By Ed Greenberger, THELAW.TV
When does self-defense cross the legal line?
It's a question that is being asked all over America in the wake of last month's shooting death of Florida teenager Trayvon Martin. Martin, 17, was shot and killed on Feb. 26 by George Zimmerman, 28, a self-appointed neighborhood watch captain in the Orlando suburb of Sanford.
Zimmerman says he started trailing Martin as the boy walked home from a convenience store because Martin, who is African-American, looked suspicious. Zimmerman says he stopped following Martin and was returning to his car when the boy attacked him. Zimmerman claims he shot Martin in self-defense.
Zimmerman has not yet been arrested or charged with a crime, and that has sparked public outrage across the country. Most states have laws that protect a person who uses reasonable force to defend themselves. Florida has what is known as a "stand your ground" law that allows a person to shoot someone they believe is threatening them. However, most of these laws are subject to quite a bit of interpretation.
"There can be plenty of gray area in these cases," says attorney Martin Sweet of legal information website THELAW.TV . "For example, you might use force because you believe the person you're attacking has a gun. But what if it turns out he doesn't have a gun?"
In the Trayvon Martin case, Martin did not have a weapon, which has fueled public outrage even further.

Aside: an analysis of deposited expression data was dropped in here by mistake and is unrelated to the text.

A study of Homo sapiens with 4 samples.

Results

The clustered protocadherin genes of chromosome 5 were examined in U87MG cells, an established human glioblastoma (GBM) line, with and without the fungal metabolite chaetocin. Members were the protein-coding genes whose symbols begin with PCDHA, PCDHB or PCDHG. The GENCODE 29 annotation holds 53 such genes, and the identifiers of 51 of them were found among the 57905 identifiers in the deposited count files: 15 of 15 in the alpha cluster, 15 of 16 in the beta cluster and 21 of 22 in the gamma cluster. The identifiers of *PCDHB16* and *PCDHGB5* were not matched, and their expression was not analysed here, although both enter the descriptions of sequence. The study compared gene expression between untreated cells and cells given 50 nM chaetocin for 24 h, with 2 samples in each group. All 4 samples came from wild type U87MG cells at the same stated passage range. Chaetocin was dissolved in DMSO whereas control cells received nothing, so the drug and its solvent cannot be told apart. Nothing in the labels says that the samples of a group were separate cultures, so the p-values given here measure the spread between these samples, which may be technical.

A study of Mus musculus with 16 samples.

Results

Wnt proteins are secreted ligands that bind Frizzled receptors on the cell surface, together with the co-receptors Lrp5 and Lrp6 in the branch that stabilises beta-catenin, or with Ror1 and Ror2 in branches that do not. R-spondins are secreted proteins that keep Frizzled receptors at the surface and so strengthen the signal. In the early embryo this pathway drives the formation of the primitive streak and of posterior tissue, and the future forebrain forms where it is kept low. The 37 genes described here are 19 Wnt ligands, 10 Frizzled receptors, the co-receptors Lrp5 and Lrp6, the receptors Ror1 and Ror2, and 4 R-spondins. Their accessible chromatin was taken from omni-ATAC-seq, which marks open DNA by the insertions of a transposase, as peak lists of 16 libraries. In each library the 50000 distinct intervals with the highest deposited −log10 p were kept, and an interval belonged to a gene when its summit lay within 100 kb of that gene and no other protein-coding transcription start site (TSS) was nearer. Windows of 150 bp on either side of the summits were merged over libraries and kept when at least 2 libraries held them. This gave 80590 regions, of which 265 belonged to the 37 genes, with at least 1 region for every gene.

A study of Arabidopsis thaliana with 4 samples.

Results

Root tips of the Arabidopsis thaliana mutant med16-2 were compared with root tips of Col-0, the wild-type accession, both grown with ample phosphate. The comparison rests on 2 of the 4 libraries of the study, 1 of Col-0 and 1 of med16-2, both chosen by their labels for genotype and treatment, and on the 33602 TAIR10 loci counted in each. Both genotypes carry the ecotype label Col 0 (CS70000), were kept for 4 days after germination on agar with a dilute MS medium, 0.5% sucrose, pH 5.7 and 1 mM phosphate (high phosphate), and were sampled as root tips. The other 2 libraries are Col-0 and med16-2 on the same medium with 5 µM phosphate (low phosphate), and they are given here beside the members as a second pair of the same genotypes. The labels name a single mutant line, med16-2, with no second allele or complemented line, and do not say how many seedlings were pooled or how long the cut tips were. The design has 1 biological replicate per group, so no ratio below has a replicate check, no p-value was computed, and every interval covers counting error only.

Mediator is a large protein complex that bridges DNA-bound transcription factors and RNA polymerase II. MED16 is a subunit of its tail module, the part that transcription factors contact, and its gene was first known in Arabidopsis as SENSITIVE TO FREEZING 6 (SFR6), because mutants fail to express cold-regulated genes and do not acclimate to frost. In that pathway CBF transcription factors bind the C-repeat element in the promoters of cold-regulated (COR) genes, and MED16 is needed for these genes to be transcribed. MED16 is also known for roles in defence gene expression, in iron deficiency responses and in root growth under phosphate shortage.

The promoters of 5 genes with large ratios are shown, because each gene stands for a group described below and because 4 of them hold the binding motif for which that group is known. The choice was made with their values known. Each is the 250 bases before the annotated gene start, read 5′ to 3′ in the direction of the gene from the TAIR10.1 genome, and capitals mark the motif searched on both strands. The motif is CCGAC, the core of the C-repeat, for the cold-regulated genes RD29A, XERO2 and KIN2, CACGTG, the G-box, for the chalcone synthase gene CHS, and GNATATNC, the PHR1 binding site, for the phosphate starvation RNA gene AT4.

Self-defense cases can also become complicated when the court has to decide whether the force a threatened person used was truly reasonable.
"If somebody punches you in a bar, then in many states you would legally be able to defend yourself by throwing a punch of your own," explains Sweet . "However, retaliating by hitting that person on the head with a beer bottle could be seen as unreasonable force."
Some states also have laws that include a "duty to retreat." This means that deadly force is only acceptable in situations where a person is unable to safely retreat from the scene. In most cases, a "castle exception" holds that a person is not obligated to retreat if he is threatened in his home.
In Florida, there is no duty to retreat even when a person is threatened outside his home. While this seems to help Zimmerman's case, it remains to be seen whether he will be charged in Martin's death. A Florida grand jury will investigate the case in April.